This ad had me in stitches.
SCARY VOICEOVER: Joe Biden… is he looking out for YOU?
Yeah, it kinda looks like it. pic.twitter.com/bQKwBdhIqH
— Invest in America (@InvestNowUSA) April 9, 2021
So I’ve been holding off sharing some interesting news about the covid vaccine and me.
As you may or may not know, I had Covid almost a year ago (4 days to my Covid-versary). And while my actual 10 days were probably considered mild (though looking back on it, there were a couple of very scary days), the “recovery’ has been year-long. In October, I thought I was through the worst of it, but Dec to March proved to be extremely difficult and my symptoms escalated – debilitating fatigue, severe brain fog, and still some shortness of breath. My general rule was to get all I could get done before noon, because after that I was about useless.
Last Thursday afternoon I received my vaccination. No biggie. Friday came without any real reaction. I had meetings all day and by 4 pm, once I was done, I thought, I’m going to need a nap. But a funny thing happened…I did a couple of chores and then a few more things, and the next thing I knew, it was 10 pm. I felt great. Still didn’t think much of it, I’ve had good days here and there, only to be followed by several really bad days.
But Saturday came and then Sunday and it was like I was fueled by Death Wish Coffee. My mind was not just clear, but racing with things to do, stuff to organize and create, and my physical energy matched it. Now we are at a full eight days of … well … being normal. Although it feels super-charged. I haven’t gone a full week of feeling good since Covid. My fingers are crossed that this is for real, not just for me, but for other long-haulers.
There’s been some anecdotal evidence of the vaccine effect – which people started sending me in March, but I ignored it, not wanting to get my hopes up. But now, well, I’m paying attention.
“The issue is thus far that it’s anecdotal,” said Dr. Anthony Fauci, Director of the National Institute of Allergy and Infectious Diseases, during a hearing of the House Energy and Commerce Committee on March 17. “Many people get better anyway, and if you get vaccinated and get better, you are not sure whether it’s the vaccine or the spontaneous recovery. So you’ll have to do a randomized trial in order to determine that.”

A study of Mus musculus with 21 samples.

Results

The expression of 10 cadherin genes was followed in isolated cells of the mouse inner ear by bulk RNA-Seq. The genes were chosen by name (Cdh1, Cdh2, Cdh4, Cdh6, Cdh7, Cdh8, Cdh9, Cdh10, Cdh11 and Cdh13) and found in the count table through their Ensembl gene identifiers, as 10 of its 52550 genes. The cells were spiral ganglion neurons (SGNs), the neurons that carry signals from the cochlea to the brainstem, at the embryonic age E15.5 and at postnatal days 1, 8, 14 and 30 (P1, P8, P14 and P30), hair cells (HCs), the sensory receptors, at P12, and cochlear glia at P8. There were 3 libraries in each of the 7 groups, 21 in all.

Still, though, anecdotal reports can start to stack up, especially for doctors who have been treating long haulers for months.
“It’s getting to be a large number of reports, hundreds of reports of patients that we’ve been caring for with Covid almost a year now,” said Dr. Daniel Griffin, chief of infectious disease at ProHealth and an instructor in clinical medicine at Columbia University. “They are reporting that following vaccination they’re having significant, if not complete, resolution of their long Covid symptoms.
He estimated that as many as 30% to 40% of his long Covid patients said they were feeling better after vaccinations, and the boost in energy and mental clarity appeared to be coming from all three vaccines currently authorized in the US.
Everything changed after she got her COVID-19 vaccine.
“I was like a new person, it was the craziest thing ever,” says Dodd, referring to how many of her health problems subsided significantly after her second shot.
And she’s not alone. As the U.S. pushes to get people vaccinated, a curious benefit is emerging for those with this post-illness syndrome: Their symptoms are easing and, in some cases, fully resolving after they get vaccinated.
“I didn’t expect the vaccine to make people feel better,” says Akiko Iwasaki, an immunologist at the Yale School of Medicine who’s researching long COVID.
“More and more, I started hearing from people with long COVID having their symptoms reduced or completely recovering, and that’s when I started to get excited because this might be a potential cure for some people.”
While promising, it’s still too early to know just how many people with long COVID are feeling better as a result of being vaccinated and whether that amounts to a statistically meaningful difference.
WaPo has a longer article, which I can’t seem to access right now, something funky going on with my subscription.
Anyone else have a similar experience? I know a few of us here have had Covid, but I’m not sure about long-haulers. I have a client whose symptoms are on par with mine, though more severe and I’ve encouraged him to check out the studies (and he’s now scheduled for his vaccine, I’m hoping he’ll have an experience similar to mine).